Amsterdam’s Professional Wrestling Hall of Fame has announced the stars of next spring’s induction c
Amsterdam's Wrestling Hall of Fame going to Texas
The Professional Wresting Hall of Fame in Amsterdam has announced that it will move to Texas at the end of the month after 10 years in the city.

Amsterdam’s Professional Wrestling Hall of Fame has announced the stars of next spring’s induction ceremony, but there’s a catch: The ceremony will take place in Wichita Falls, Texas, the Hall of Fame’s soon-to-be new home.

After 10 years in Amsterdam and three in Schenectady before that, founder Tony Vellano said the Hall of Fame needs room to grow.

“We’re moving there because it’s just a better fit,” he said Friday. “It’s a bigger city, and they just have a lot more to offer and it was very affordable.”

The news broke suddenly Thursday on the Hall of Fame’s website after about 10 months of quiet planning.

“As far as Amsterdam is concerned, I’m grateful that they took us in when we left Schenectady,” Vellano said. “We’ve been there for 10 years and I’ve enjoyed every year of it, but it was time for the hall to grow.”

Vellano said the Hall of Fame, housed in a three-story corner building on East Main Street, will close at the end of November, then everything will be packed up and moved to Texas as quickly as possible.

The building will revert to the Amsterdam Industrial Development Agency, from which Vellano had been leasing it, according to the city’s Director of Community and Economic Development Robert von Hasseln.

While he regrets the loss of the Hall of Fame, which brought thousands of people into the city each year for its induction ceremonies and other events, he said he’s confident the building will be put to good use with two or three storefronts opened up and possible apartments above.

“While I’m sorry to see them go, I’m not worried that this is going to have a bad impact on the future of Main Street,” von Hasseln said. “It’s more like they won’t be there to be a part of the future of Main Street.”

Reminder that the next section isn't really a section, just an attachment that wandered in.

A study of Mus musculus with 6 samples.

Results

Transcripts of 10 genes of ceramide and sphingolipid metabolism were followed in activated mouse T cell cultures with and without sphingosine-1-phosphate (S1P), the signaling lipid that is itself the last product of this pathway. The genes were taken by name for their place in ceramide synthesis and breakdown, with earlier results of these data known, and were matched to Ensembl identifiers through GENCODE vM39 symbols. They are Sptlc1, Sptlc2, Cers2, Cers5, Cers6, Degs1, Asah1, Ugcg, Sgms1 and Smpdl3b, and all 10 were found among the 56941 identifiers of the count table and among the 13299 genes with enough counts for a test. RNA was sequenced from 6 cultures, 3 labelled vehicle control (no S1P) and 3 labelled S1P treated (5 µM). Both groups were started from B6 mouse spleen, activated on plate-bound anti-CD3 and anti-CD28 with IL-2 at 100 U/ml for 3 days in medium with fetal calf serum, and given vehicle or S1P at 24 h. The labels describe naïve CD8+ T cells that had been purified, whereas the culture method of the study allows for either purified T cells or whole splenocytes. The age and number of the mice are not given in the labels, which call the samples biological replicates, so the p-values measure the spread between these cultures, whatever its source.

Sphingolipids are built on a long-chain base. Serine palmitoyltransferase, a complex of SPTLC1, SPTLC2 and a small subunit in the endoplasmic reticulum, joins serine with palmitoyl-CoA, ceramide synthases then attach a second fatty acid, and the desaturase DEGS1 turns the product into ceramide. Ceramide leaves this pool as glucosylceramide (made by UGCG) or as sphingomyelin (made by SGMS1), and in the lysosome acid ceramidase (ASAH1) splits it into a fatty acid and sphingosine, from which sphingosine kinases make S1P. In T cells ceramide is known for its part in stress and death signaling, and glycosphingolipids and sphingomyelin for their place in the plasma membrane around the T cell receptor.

When the deal was announced Thursday, von Hasseln said it was too sudden for the city or AIDA to even try to tempt Vellano to stay.

“It was a done deal before I even learned about it,” he said.

The Hall of Fame has already signed a 10-year lease for a building in downtown Wichita Falls, and the University of Texas at Arlington has agreed to partner with the Hall of Fame to house its memorabilia and provide student interns to help archive it.

With the move, Vellano said he’ll be stepping away from the business and handing it over to a board of directors.

“I’m getting a little bit older,” said the 65-year-old. “I’ve been doing this for 16 years and it’s time for me to move on.”

The class of 2016 will feature Stone Cold Steve Austin, “the leading star of WWE’s Attitude Era,” who transcended the sport to become a pop culture figure, and Sgt. Slaughter, a wrestler in the AWA and WWF whose popularity led him to be made into a G.I. Joe character.

The Hall of Fame’s 15th induction ceremony will take place May 20-21 in Wichita Falls.

In Amsterdam, the annual spring induction ceremonies gave rise to the city’s Spring Fling, which has become a popular street festival. Last year, Vellano said 8,000 people showed up for the induction.

Just up Chuctanunda Road from the Hall of Fame is Emmy Lou’s Diner, where signed photos of all the wrestlers who have visited over the years adorn the walls.

Sherri Bardascini Crouse, whose family owns the diner, said the news has left them all “heartbroken.”

“People don’t realize that the Wrestling Hall of Fame was a small thing that put us on the map,” she said. “Tony brings a lot of people from out of town here that spend their money here and it’s a shame that they are moving to Texas. It’s made me sick.”